I think of my relationship with my AFib doctor and his staff as a collaboration. Yes, I’m the patient and the doctor is the professional, but our status is more equal than might be imagined. AFib can be life-threatening, and to prevent that, I truly value the doctor’s knowledge. But AFib is also a quality-of-life condition, and for that, I’m as much an expert as my doctor and his team.
I’ve lived with AFib for over 40 years. I’ve done a lot of research about it, and I have a lot of lived experience with its many manifestations in my body. My interactions with medical professionals related to my AFib fall generally into two categories: regular checkups and AFib episodes.
Regular checkups are an opportunity for the doctor to learn how my AFib has been acting over the past year, to ask how I’m feeling about it, and for us to review whether any changes in AFib management are called for. The doctor expects me to be honest about what’s happening and how it’s affecting my quality of life, and I expect the doctor to be open-minded in finding a treatment approach that gets me close to the quality of life I’m hoping for.
After so many years of random AFib episodes, my doctor and I have agreed on an approach that works for both of us. As soon as I suspect that I’m in AFib, I monitor my heart rate and rhythm on my Apple Watch. If I am in AFib, I take a heart rhythm medication every 12 hours until I’m back in normal rhythm (referred to as “pill in the pocket”). If my AFib episode lasts less than 24 hours, I don’t have to get in touch with the doctor’s office (although I do keep the data to show him during the next checkup). If the episode lasts longer, I email the Apple Watch data to his physician assistant (PA), who calls me, and we figure out next steps. If I have more than one episode every couple of months, I let the PA and doctor know, and they usually schedule a visit.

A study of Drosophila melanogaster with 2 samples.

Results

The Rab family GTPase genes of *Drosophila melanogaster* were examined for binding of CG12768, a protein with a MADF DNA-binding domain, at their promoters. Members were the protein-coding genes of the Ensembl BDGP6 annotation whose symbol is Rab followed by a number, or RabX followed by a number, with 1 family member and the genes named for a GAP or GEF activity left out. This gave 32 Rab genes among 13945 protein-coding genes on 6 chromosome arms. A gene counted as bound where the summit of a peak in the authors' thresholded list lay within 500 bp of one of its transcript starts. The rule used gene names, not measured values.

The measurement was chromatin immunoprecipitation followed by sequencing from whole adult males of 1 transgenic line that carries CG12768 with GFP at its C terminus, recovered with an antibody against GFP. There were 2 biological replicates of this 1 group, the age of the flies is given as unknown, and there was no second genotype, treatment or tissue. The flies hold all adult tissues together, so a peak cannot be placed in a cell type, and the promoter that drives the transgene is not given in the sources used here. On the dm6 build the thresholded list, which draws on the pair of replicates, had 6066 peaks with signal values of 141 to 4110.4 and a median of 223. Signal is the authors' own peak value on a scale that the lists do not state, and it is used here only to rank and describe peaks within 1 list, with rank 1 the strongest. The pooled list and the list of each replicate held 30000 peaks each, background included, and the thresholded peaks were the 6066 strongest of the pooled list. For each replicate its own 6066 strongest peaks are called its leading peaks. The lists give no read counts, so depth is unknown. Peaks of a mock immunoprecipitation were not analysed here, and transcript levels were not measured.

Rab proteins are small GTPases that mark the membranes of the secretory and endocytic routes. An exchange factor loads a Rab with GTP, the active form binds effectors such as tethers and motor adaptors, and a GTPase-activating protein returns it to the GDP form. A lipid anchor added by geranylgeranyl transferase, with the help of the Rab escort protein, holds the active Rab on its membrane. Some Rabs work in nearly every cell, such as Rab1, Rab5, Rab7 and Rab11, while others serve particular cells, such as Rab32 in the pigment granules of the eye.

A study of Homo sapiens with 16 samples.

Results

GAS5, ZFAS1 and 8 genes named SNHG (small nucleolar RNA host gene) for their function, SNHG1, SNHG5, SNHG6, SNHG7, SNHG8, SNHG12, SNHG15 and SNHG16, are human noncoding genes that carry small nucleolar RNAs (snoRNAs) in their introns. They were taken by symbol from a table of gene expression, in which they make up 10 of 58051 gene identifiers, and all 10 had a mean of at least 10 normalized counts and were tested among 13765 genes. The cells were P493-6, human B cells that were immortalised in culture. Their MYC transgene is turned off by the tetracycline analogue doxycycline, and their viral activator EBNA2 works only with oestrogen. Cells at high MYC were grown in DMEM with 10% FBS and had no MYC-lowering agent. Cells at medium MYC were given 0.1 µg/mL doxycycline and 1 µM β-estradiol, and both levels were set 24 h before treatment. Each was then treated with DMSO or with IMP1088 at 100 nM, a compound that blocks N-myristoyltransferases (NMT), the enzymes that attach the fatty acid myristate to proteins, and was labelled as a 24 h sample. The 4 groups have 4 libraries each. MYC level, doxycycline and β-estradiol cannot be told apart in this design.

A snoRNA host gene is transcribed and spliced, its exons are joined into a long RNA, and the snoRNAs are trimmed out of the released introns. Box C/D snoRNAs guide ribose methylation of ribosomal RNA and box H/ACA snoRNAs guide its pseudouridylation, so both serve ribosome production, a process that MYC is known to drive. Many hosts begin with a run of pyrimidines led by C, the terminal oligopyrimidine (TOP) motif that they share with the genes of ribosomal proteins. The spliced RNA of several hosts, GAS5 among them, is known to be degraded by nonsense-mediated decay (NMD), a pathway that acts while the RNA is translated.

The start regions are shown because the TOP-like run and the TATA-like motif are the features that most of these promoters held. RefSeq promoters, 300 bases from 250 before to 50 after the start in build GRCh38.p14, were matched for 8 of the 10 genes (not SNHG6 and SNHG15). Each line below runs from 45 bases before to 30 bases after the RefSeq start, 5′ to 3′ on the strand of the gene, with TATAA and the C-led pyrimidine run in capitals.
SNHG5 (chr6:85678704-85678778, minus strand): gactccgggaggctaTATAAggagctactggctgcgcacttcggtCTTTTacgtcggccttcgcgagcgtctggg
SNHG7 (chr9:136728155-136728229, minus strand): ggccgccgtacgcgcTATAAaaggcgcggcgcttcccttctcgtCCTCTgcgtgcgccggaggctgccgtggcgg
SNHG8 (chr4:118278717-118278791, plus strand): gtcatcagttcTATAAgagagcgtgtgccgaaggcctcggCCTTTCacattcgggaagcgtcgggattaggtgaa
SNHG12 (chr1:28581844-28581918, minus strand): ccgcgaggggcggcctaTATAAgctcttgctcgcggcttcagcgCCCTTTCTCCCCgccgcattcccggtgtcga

So, how does this play out in real life? At my last checkup, the doctor was concerned about how frequently I was having AFib episodes. He recommended that I take the heart rhythm medication every day as a precaution. I didn’t want to, because I don’t like how it makes me feel when I’m in normal rhythm (dizzy). We chatted, and he agreed that I could continue using the pill-in-a-pocket method unless the episodes became more frequent. (Thankfully, they haven’t.)
Several years ago, I had a similar difference of opinion with my doctor about taking blood thinners. I didn’t want to take them because I hike a lot and didn’t want the bleeding risks. I also hated the one blood thinner I’d been on. (I needed to take blood tests and adjust dosage on a weekly basis.) The doctor was a little more insistent over this issue. He showed me data about my increased risk of stroke simply due to age (over 65) and because of the more frequent AFib episodes. He told me about newer types of blood thinners that are easier to manage. He was persuasive enough that I have been on daily blood thinners ever since.
AFib is different for each individual, meaning there is no one-size-fits-all way of treating it. The AFib patient’s relationship with their doctor should be a conversation, with the doctor educating the patient about real risks and the patient educating the doctor about their quality-of-life preferences. Together, they make a good decision-making team.